Grand National 2021: Sulekha Varma finally gets to ‘conduct the orchestra’ at world’s greatest race 

Sulekha Varma’s career as Aintree’s first female clerk of the course became one of the biggest false starts since the void Grand National of 1993 when what was due to be her first National 12 months ago became, like everything else at the time, a casualty of Covid.

But instead of barely having her feet under the table, she is now 14 months, three meetings and, importantly according to her, two races over the National fences into the job.

“Having only arrived in February last year it was pretty daunting,” recalls Varma, 36. “Even though I’d been helping my predecessor, Andrew Tulloch, on race-days for 10 years, that had only involved arriving a couple of days before, getting through the three days and leaving.

“It takes time to get to know the track and the people at any racecourse but my head groundsman, Mark Aynsley, does not need a huge amount of interference from me and I’m inheriting something in a good place.”

A bit like a referee in football, if a clerk of the course is getting publicity it is generally because something has gone wrong.

“The most public part of the job is giving going reports but it’s a very small part of it,” she explains. “I take responsibility for the racing side of things, liaison with owners, trainers, jockeys but on race-day a clerk essentially conducts the orchestra and manages the incidents.”

Besides deciding whether to water the course in order to produce at least good to soft ground, it will be her call in the race if a fence has to be bypassed or, worst case scenario, if the race had to be voided.

However with nine head groundspeople imported from racecourses across the country around the famous course she will not lack experienced advice on the ground to help her make those decisions.

She admits a thick skin is a handy attribute for her profession and she would not be the first clerk of the course to have been on the receiving end of a sharp tongued trainer if that were to happen.

“A lot of it’s about building relationships and mutual respect,” she says. “I don’t believe there is any excuse for anyone to rant and rave at anyone else in this day and age. There are decisions I’ll make which are not suitable for everyone. A lot will criticise with the benefit of hindsight but, with watering for example, I can only act with the information available at the time, there’s not a lot you can do if there is a deluge which is not forecast.”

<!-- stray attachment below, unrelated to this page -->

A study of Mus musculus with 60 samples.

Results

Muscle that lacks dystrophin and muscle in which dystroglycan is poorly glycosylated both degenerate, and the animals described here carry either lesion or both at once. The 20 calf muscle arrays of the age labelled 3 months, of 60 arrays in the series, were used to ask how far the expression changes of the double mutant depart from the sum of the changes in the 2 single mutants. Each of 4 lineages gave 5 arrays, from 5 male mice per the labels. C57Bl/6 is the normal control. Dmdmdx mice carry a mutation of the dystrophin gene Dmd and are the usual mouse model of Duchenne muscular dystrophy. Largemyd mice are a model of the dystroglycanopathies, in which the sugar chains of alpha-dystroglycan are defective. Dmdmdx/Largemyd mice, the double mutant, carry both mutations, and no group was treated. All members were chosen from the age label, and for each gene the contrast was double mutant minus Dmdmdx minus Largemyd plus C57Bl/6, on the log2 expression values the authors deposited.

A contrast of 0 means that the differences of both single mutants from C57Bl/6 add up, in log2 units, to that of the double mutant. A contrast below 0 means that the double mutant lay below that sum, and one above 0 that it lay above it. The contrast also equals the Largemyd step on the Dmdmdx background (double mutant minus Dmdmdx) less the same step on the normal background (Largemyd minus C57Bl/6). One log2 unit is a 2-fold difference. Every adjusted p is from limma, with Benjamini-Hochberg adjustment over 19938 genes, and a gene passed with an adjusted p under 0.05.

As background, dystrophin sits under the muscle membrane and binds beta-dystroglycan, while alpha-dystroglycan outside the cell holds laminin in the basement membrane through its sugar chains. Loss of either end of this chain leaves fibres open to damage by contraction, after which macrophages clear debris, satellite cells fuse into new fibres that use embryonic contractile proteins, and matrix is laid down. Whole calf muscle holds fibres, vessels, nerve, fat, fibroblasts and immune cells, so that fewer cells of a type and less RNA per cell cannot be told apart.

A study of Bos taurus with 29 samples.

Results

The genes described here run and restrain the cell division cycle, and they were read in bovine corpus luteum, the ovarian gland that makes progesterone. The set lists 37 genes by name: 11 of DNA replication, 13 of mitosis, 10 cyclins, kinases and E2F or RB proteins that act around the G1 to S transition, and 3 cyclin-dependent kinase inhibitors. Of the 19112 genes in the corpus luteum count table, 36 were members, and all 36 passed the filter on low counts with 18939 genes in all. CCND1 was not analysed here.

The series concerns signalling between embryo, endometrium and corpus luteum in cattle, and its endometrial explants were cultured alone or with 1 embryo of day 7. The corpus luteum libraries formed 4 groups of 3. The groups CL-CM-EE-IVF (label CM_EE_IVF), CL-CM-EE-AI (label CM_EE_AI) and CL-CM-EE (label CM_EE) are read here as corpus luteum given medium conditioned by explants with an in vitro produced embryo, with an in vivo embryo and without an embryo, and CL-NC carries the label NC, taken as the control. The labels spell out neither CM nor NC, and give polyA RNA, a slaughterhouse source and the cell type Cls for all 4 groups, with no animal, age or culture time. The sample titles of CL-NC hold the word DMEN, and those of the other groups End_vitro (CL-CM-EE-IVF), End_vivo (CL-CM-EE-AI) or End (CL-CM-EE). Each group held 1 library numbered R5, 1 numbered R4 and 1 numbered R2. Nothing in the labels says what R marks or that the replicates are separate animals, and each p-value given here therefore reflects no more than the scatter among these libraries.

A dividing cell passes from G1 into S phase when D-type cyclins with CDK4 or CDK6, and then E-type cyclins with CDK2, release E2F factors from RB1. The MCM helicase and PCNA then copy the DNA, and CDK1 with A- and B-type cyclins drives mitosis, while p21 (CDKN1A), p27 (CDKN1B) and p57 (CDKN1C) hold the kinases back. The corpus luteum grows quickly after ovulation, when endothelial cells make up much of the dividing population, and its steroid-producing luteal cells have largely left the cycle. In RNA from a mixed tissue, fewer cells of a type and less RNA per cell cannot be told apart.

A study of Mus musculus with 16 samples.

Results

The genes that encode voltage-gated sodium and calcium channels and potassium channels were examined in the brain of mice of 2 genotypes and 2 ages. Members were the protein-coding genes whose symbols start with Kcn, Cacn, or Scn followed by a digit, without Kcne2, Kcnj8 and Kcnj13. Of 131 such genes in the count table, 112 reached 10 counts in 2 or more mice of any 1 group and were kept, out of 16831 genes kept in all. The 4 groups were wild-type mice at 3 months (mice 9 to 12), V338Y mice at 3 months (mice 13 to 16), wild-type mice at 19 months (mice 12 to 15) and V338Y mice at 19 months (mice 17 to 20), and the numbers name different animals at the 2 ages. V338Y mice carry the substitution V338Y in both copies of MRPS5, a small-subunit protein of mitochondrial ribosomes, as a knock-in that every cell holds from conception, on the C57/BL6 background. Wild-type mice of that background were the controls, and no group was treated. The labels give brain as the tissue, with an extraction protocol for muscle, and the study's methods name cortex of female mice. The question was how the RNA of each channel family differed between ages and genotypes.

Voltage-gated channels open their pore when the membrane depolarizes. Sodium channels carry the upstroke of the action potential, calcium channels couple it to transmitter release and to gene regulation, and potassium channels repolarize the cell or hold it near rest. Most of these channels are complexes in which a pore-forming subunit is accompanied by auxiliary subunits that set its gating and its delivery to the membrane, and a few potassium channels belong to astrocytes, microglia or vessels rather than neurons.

In many ways her posting at Aintree and as custodian of the world’s greatest race is coming full circle for Varma.

Her father, TRK Varma, arrived in Liverpool from Delhi in 1972 to work as a junior doctor having qualified as a medic in India. Eventually after moving via a hospital in Cardiff to Dundee he became a leading neurosurgeon.

When he lived in Liverpool he clocked the football but, even though it was the time of Red Rum, not the Grand National. His daughter, however, rode from a young age. “I think my parents hoped I’d fall off once and that would be the end of it,” she jokes.

Sulekha Varma at Aintree

The stands will be empty but at least this year the world’s greatest steeplechase will take place


She did the Pony Club thing and when she was 14 the family moved to Southport for her father’s second stint in Liverpool. She rode her pony and drove a car for the first time up the same beach on which Red Rum was famously trained by Ginger McCain.

At school a friend’s mum wanted to set up racing as a part of the work experience programme and, as something of a guinea pig, she was sent to Lucinda Russell’s in Scotland where she started to get a glimpse of an industry she thought she could work in and, after studying classics at Durham, she joined the British Horseracing Authority graduate course.

“I wasn’t going to be a jockey and initially it was journalism which interested me,” she recalls. “I was placed with the Racing Post and was straight in at the deep end. The last article I did was a double page spread on the 10th anniversary of Frankie Dettori’s Magnificent Seven and what had happened to the horses. One of them, Diffident, had ended up at stud in India.”

She had been doing a ‘stable tour’ with Russell for the Post when the trainer asked what her next move would be. “I’d been for a job interview to be secretary to Gary Moore and Lucinda said, ‘Do you want to be my secretary?’ She was doing all the paperwork herself at the time and it allowed her to concentrate on the horses.”

She then moved to the Arabian Racing Organisation which gave her a taste of racing administration after that applying for a trainee clerk of the course job with the Jockey Club. She got the job, qualifying in March 2010, by which time she was already running Nottingham and Market Rasen.

She did four years at Huntingdon and Warwick before leaving the Jockey Club for Hamilton. “I thought it important to spend time at an independent course,” she says. “As clerk you are part of the management team but at an independent you only have each other, you don’t have a bigger umbrella company to fall back on. It was a great learning process.”

So what will be the best result for Varma on Saturday? “Whoever wins, it’s usually always an exciting story, that’s the beauty and the magic of the race,” she says. “But everyone coming home safe – that’s what success looks like for me.”